The crunch of sharpened skates gliding across a fresh ice sheet.
Pucks clanging off metal goalposts and knocking into the boards.
The cracking sound of stick blades on the ice.
A rising cheer as a puck slides past a goaltender.
These were the sights and sounds at Stumptown Ice Den in Whitefish last week as the Los Angeles Kings held a summer hockey camp there for a second year in a row.
“It’s always good to come to these small towns,” Kings alum Derek Armstrong said. “Our job is to help grow the game of hockey around the world.”
The camp is run by the Kings’ hockey development staff and several Kings alumni players. It’s was the first of eight camps the Kings will put on across California and the Northwest this summer.
Why come to Whitefish?
The Kings first pinpointed northwest Montana as an area without an NHL market that had a need for NHL support. Montanans don’t have a local team but can watch both Vegas Golden Knights and Colorado Avalanche games on TV. Some even claim the Calgary Flames as their local team.
“It’s kind of an area we feel like we can step up as a club and provide that,” Courtney Ports, the Kings’ manager of hockey development said. “That’s been kind of a main goal for us. We had kids driving from five hours away to come to the camp. It just goes to show when you’re dedicated to hockey, you’ll do anything you can to get there.”
Ports works alongside former NHLers Kyle Calder and Armstrong and hockey development coordinator Marisa Blanco. Armstrong is also the Kings’ director of hockey programming and curriculum.
“This is awesome, giving back to the kids,” Calder said. “Any time you can give back, it’s a great feeling and watching these kids develop and grow when we were here last year and then seeing the same kids this year and they’ve gotten better and that’s what these camps are for.”
And sometimes it’s hard to tell who’s having more fun — the former NHL players or the kids. Armstrong finds there are still plenty of similarities.
“The ice smells the same, the pucks are still hard, you’ve still got to tie your skates, you’ve got to smell that stinky gear,” Armstrong said. “We were fortunate to get to play one game, let alone being drafted into the NHL, but we love to give back. We all have a lot of fun but that’s why hockey is such a unique thing.”
At the start of camp, players aged 6-15 are separated into groups based on age and skill after an evaluation skate.
After that, drills are run according to the American Development Model, or ADM, used by USA Hockey and the NHL’s Learn to Play program.
Players have two hour-long sessions on ice and dry land training in between. On the final day of camp, players participate in an NHL-style scrimmage, where each player’s name is called over the public address system and the national anthem is played before the game starts.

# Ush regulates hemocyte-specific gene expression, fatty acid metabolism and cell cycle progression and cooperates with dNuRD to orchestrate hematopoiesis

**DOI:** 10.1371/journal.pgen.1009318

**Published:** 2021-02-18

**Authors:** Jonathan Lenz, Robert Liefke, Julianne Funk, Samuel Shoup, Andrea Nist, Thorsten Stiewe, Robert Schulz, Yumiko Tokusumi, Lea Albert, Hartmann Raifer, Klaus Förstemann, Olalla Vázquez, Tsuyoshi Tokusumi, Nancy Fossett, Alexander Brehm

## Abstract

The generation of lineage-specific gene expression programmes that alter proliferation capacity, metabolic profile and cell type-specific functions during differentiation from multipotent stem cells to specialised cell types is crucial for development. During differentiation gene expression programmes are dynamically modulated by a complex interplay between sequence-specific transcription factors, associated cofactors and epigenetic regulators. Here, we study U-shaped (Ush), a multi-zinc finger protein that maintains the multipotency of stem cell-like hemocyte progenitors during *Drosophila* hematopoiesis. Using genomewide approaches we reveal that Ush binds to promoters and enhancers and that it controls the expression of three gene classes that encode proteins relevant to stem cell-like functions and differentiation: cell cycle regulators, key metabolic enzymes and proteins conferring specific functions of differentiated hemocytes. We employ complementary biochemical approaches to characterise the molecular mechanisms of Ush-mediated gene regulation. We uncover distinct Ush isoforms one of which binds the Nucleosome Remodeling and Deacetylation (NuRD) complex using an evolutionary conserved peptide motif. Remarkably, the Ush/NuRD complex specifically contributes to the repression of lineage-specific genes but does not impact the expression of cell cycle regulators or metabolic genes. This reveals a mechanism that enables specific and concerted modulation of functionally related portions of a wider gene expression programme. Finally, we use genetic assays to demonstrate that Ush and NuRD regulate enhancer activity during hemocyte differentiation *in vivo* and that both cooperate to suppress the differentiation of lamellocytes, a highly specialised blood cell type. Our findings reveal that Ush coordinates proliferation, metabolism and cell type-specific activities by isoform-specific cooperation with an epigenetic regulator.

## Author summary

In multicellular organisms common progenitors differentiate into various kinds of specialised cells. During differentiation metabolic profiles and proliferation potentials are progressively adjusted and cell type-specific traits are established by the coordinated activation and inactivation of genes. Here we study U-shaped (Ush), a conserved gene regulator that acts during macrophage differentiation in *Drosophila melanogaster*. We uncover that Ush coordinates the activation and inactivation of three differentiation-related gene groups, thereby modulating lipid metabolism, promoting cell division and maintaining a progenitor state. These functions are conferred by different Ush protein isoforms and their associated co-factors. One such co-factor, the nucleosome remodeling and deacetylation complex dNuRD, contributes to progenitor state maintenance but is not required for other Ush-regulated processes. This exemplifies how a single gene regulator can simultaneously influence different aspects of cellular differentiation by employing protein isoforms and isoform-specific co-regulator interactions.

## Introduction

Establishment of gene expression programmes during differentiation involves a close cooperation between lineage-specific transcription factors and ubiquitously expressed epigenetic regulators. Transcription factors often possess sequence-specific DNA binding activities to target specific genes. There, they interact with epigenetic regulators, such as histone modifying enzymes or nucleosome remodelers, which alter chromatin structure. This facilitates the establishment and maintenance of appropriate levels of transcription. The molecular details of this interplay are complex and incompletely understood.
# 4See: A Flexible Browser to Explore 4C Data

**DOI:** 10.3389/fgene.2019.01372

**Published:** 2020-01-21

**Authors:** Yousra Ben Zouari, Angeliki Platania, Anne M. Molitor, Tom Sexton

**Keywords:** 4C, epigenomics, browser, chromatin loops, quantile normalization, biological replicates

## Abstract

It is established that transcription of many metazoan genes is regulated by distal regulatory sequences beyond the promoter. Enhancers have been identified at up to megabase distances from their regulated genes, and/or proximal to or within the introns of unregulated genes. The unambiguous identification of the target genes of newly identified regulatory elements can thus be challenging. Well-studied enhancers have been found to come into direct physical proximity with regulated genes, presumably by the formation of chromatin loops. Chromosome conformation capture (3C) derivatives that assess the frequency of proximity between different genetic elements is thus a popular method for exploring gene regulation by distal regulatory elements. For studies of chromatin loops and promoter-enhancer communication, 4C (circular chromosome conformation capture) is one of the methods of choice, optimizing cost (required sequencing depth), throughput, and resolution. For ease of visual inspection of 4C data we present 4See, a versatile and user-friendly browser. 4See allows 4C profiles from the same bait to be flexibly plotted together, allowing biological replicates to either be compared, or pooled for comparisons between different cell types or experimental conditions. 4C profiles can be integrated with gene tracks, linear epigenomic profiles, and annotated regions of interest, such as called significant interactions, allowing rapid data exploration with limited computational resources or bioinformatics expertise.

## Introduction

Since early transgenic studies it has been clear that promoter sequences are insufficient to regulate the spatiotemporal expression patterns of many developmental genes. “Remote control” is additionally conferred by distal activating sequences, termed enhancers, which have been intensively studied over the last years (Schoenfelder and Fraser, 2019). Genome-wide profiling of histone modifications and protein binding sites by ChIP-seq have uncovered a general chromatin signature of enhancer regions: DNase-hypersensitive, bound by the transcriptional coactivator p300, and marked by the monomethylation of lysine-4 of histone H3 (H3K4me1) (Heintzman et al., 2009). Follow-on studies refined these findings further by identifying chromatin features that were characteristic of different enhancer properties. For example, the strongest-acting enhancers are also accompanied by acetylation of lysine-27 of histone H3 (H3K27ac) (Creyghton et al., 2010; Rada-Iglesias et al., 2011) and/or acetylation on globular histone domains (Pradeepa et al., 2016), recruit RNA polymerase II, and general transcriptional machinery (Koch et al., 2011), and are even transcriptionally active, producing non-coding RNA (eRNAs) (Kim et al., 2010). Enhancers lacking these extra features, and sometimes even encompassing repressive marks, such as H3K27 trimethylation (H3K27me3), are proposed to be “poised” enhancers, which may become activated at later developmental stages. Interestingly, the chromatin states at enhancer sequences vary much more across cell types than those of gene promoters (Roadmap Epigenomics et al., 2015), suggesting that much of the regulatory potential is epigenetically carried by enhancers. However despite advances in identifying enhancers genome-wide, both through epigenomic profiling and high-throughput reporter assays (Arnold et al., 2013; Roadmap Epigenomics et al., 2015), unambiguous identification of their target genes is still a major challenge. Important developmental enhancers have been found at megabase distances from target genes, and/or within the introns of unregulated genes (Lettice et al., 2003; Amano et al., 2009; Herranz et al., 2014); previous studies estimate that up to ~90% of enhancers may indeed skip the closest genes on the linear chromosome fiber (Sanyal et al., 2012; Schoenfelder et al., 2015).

But the main thing is having fun and fostering a love of the game that lasts a lifetime.
“That’s what helps grow the sport,” Armstrong said. “Obviously every kid wants to play in the NHL, win the Stanley Cup, that’s important, too. But it’s important that they want to play when they’re 7 years old and when they’re beer league players. Everyone ends up playing beer league eventually. I do.”
This year, there were 31 players at the Whitefish camp. Six were goaltenders.
“We don’t normally see goalie turnout like that,” Ports said. “It’s good to see that the goalie position’s becoming more popular and a few more kids are jumping on. That’s an area that we know there’s room for growth.”
Another area of growth has been the uptick of interest in girls hockey. Three of the players at the Whitefish camp were girls.
According to USA Hockey enrollment numbers, registered girls and women increased from 79,355 in 2017-18 to 82,808 in 2018-19. In Montana’s region, Northern Plains, that number was 3,497 in ’18-’19, up from 3,367 the year before. For Montana, the number of girls and women registered with USA Hockey jumped from 998 in ’17-’18 to 1,073 this year.
Overall USA Hockey registration was up from 562,145 the year before to 567,908.
With Seattle set to get its own NHL expansion franchise in 2021, Calder predicts those numbers will get even larger, especially in the Western states.
“I think you’re going to see this area really take off,” Calder said. “It’ll be exciting for everybody. It’ll take some time but I think once it catches on, it’ll be great.”
Northwest Montana isn’t without its hockey connections, though, and its proximity to Canada is an added benefit.
Golden Knights’ owner Bill Foley owns property and several restaurants in the area. Murray Craven, the Knights’ former vice-president, calls Whitefish his home during the offseason.
The Knights visited Stumptown in 2017 for a celebration ahead of the team’s inaugural season.
Former Calgary Flames captain Lanny McDonald co-owns Tamarack Brewing Company in Lakeside.
Stumptown itself is home to youth hockey and adult leagues. In the winter, an outdoor rink in Woodland Park in Kalispell hosts hockey leagues, public skates and the Craft Brewer’s Cup, a hockey tournament and brewfest that benefits local youth hockey.
Retention rates are higher the earlier a player starts in the program than among those who start later, according to Ports. And hockey camps for the younger set boost skill development, too, producing more well-rounded players as they move up the ranks. That’s why camps like the Kings run in LA and across the Northwest are vital to the growth and survival of the sport.
“They get in early at a very entry level, they get the whole full set of gear and get to play, but they fall in love with the game at a young age,” Ports said. “They don’t necessarily have to all make it to college or all make it to major-junior or whatever route they choose, but they still love the game and they’re still fans of the game, which is super important for us.”
See @lakingslocalhockey on Instagram for more photos and videos of the Whitefish camp posted by the Kings’ staff.